There are also a few more points to keep in mind when it comes to life expectancy in the past.
1. Their knowledge of medicine was woefully inadequate. Due to this, if there was a plague, an enormous number of people could be wiped out. Think of the bubonic plague.
2. Also keep in mind that their knowledge of how to keep healthy bodies was not good. To be honest, we are not that good as well.
3. There is also the issue of bearing children. Many women would die in childbirth. Also the child morality rate was extremely high due to the lack of knowledge, cleanness and nutrition.
When you average all of these things out, life expectancy was very low, much lower than ours.
The main reasons for this are better health care, better nutrition, and less physically stressful lives.
In the Middle Ages, medical care was pretty woeful. There were, of course, no antibiotics so any wound could become infected and potentially lead to death. As mentioned in your previous question, childbirth was very dangerous.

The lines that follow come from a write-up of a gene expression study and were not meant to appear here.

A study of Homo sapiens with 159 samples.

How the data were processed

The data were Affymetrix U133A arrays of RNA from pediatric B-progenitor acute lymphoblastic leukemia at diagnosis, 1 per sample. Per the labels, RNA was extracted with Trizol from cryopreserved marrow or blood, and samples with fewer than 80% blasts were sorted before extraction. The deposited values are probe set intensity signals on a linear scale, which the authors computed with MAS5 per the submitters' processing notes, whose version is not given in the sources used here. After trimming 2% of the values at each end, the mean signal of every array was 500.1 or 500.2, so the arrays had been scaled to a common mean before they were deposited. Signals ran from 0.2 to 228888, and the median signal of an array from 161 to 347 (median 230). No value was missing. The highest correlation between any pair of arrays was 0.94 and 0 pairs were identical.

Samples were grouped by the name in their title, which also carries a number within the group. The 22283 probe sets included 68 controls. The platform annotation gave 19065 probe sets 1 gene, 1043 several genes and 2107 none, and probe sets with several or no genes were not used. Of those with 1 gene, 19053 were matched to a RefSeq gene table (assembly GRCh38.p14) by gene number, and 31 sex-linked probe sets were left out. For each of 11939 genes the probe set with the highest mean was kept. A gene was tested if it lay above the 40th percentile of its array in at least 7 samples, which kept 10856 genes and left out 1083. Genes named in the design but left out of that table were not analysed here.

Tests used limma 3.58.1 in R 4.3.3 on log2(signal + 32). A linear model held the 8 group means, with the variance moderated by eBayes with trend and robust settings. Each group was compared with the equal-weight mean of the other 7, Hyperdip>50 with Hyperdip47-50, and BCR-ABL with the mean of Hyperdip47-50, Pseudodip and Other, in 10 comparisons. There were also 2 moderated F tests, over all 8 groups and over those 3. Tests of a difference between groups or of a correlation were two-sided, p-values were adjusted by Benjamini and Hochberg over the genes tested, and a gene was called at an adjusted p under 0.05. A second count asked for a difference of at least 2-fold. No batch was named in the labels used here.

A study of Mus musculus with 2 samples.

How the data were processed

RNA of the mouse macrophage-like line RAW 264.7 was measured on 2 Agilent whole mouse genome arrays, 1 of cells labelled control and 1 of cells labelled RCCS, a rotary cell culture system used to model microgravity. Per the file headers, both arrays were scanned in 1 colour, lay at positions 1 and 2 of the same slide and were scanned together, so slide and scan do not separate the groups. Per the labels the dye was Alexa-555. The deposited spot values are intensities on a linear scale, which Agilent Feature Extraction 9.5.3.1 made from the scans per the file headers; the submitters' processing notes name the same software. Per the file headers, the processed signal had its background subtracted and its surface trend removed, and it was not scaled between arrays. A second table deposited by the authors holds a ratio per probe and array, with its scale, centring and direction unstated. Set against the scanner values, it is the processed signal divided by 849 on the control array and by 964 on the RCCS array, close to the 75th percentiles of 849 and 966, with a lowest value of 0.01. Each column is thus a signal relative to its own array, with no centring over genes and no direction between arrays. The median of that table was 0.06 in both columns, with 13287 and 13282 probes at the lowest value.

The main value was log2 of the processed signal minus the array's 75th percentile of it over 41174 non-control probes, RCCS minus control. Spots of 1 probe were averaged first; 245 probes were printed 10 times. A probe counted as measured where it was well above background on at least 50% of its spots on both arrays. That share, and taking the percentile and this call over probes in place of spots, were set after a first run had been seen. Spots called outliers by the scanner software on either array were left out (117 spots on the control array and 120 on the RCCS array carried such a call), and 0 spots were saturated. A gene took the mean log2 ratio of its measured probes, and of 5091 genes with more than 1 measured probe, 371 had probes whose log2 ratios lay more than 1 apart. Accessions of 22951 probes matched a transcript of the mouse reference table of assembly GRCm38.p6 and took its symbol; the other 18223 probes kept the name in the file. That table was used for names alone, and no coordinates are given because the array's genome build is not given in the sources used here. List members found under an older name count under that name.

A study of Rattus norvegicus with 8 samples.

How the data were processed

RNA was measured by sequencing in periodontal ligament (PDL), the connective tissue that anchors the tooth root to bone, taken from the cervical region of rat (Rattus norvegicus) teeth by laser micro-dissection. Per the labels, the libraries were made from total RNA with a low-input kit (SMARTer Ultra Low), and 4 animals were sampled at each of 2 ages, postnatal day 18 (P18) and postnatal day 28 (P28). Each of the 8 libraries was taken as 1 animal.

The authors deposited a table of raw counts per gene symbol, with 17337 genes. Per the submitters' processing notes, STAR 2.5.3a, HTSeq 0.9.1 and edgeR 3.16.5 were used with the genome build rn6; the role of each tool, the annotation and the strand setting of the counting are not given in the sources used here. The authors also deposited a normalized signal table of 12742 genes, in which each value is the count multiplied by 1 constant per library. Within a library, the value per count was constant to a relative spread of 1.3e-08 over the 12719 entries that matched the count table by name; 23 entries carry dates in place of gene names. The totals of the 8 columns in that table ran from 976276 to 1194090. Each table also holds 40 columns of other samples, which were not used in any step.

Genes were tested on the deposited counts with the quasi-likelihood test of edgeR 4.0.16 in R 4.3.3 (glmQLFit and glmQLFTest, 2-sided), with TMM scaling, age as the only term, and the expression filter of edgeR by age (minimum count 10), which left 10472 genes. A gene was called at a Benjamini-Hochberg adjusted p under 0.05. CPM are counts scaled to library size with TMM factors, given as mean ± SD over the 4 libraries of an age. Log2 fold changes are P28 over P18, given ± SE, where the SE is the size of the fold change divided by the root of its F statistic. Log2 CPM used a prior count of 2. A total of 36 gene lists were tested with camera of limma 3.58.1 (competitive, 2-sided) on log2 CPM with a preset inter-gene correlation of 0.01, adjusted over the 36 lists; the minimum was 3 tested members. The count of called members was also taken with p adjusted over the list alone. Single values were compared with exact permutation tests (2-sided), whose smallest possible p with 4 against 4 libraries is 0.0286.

People in the Middle Ages, and especially the peasants, were extrememly poor compared to people today. They lacked proper nutrition, especially during the winter. Even the rich didn't know about proper nutrition and so ate quite unhealthily.
Finally, the work done by people in these times was very physically demanding. They could easily be injured (and lacked medical care to make them better). Even barring injury, they would wear themselves down through hard work combined with poor nutrition.